Men Take Rejection Harder Than Women

IF A WOMAN dumps a man she’s dating who loves her, you can bet his reaction and the fallout will be swift.

He didn’t heed the warnings of an impending separation.

A woman doesn’t leave without warning or foreshadowing of the event. She has to make arrangements, plans put into place for when she leaves him. This often happens under the man’s nose but he doesn’t notice, or maybe he’s in denial.

Why didn’t he see it coming? Chalk that up to Ego. The entity that lashes out at the woman when her leaving becomes real and the questions begin.

When I tell a story in fictional terms, what the reader gets is the psychological machinations of characters in the throes of emotional war. How far will a man go to capture what he lost? He wants to prove to the woman she was wrong to leave, so he takes one more leap to show his mettle but loses again.

For the man dumped, it’s heartbreaking when she leaves. It becomes something else if she’s involved with another man and the relationship is serious from the start.

Drowning his misery is as easy as a trip to the liquor store, or the bottom drawer of a desk, but when he awakens he needs a plan.

Here’s the setup…

Alex Gantry, the heroine, has left Brian Marks, and fallen for T.J. Gale, who feels the same about her. Marks won’t let go, so the drama and action center on getting her back at any cost. The story begins in the Washington, D.C., Beltway, with most of the action taking place in Los Angeles, California.

An excerpt from Beltway Betrayers

“I’m not giving up,” Brian Marks said under his breath.
The chase over, he had run aground.
Left splayed at the surprise delivered by the only woman who had ever challenged him, Brian had told Alex he understood. He’d even stopped calling.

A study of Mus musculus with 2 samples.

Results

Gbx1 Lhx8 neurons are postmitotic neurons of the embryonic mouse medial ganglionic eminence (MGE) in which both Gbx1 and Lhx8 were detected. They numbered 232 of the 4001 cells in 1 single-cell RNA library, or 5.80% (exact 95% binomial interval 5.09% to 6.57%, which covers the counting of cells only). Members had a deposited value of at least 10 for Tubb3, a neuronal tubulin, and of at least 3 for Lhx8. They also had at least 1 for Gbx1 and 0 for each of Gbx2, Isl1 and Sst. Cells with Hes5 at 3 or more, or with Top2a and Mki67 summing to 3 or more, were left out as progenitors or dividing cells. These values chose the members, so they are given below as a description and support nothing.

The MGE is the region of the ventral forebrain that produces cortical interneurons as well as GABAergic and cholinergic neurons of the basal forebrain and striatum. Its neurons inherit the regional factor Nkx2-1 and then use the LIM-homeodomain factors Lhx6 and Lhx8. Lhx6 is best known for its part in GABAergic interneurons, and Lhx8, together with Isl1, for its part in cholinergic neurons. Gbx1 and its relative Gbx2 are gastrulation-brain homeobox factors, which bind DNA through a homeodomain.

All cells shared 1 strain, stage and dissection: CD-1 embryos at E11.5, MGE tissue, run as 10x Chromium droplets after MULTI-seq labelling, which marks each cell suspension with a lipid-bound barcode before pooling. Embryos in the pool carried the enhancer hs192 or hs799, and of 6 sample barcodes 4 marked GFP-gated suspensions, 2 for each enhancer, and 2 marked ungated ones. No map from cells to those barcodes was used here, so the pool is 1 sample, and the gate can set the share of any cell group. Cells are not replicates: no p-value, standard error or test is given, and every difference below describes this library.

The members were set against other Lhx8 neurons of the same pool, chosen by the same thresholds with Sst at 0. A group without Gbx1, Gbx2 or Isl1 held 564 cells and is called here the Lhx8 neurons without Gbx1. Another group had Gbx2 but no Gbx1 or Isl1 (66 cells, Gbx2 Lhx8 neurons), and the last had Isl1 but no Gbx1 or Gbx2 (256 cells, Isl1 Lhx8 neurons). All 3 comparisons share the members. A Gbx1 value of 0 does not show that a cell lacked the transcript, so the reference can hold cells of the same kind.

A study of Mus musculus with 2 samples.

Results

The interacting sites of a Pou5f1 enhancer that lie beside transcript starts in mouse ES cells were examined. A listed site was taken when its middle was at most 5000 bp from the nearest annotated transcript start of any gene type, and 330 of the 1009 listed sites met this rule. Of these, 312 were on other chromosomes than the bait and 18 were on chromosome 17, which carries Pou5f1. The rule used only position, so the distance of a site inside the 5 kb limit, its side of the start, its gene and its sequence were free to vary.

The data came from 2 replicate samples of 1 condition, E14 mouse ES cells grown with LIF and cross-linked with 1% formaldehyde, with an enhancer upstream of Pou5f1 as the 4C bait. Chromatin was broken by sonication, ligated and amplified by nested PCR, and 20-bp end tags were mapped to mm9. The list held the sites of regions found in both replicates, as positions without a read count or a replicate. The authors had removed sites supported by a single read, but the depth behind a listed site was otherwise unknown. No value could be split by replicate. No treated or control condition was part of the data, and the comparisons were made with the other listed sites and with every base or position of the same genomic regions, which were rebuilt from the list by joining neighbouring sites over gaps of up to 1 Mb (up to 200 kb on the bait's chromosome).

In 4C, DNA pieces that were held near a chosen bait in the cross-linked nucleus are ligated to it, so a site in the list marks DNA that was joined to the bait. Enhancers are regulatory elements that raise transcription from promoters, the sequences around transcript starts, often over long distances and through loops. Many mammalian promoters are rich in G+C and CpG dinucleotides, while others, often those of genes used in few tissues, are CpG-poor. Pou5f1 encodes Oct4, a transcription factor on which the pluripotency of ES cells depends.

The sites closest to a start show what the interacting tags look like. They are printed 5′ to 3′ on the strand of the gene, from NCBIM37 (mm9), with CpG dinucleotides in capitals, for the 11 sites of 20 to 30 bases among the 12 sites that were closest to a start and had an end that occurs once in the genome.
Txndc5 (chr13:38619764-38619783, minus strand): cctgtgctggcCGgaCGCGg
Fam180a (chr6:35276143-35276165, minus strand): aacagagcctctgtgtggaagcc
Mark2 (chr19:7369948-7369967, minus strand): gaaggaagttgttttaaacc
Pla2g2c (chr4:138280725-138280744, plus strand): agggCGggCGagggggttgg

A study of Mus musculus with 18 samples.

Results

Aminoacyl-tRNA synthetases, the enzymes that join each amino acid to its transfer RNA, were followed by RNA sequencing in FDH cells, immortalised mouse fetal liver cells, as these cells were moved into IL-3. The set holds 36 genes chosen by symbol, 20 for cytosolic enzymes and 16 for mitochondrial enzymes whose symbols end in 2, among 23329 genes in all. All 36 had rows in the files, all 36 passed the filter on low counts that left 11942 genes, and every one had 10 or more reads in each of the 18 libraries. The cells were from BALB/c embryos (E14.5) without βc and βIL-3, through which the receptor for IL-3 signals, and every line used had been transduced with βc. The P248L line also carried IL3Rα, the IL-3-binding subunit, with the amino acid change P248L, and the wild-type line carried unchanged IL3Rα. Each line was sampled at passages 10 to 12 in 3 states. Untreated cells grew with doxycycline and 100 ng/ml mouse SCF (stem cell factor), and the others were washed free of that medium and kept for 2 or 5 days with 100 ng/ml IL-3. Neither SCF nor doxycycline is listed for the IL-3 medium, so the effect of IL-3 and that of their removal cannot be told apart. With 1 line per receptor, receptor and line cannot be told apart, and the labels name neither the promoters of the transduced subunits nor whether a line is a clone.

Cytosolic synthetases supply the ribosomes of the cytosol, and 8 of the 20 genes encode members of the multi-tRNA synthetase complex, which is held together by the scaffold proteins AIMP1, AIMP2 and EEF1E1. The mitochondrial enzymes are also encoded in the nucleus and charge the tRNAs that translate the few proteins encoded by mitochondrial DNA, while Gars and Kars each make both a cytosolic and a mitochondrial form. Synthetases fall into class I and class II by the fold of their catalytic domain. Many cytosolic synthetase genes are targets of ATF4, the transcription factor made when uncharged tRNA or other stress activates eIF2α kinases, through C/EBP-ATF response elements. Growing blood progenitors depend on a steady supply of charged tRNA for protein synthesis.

The wound remained open. The only remedy he knew was to ignore how she felt, replaced with what he wanted.
A waft of stale alcohol escaped his mouth in a belch. He pushed himself off his couch, walking across the room to stare out at the expanse of the Pacific Ocean. The intense heat of an Indian summer day was gone. The smell of his inebriation remained.
The black sea in the dark night battered the shore, mist targeting him like tears, mocking his despondency but mistaking his mood. He could hear the boom of the waves but couldn’t see the sea. The moon in the sky created a light beam across the black water that appeared to be a celestial bridge. The setting was fitting for a noir film. It was a mirage that could hypnotize the onlooker into believing it was a short walk to touch the moon. But Brian wasn’t thinking about romantic images. The constant crash of the waves accentuated the beating pulse in his head. […] Brian stood, watching the sea, a man alone talking to the gods, who were laughing at his weakness…

The psychological thrillers I write are my brand of romantic fiction where the women are equal to the men, and traditionalism is no longer working for them.

We want the freedoms financial independence brings at a time in history where doors are wide open for us.

Surely any man can relate; maybe that’s why his reaction is intense.

“Happily ever after” is harder in the 21st-century because women no longer have to pretend they don’t wield as much power as men.

“Having it all” in the fiction I write is as hard to manifest as in real life… and twice as dangerous.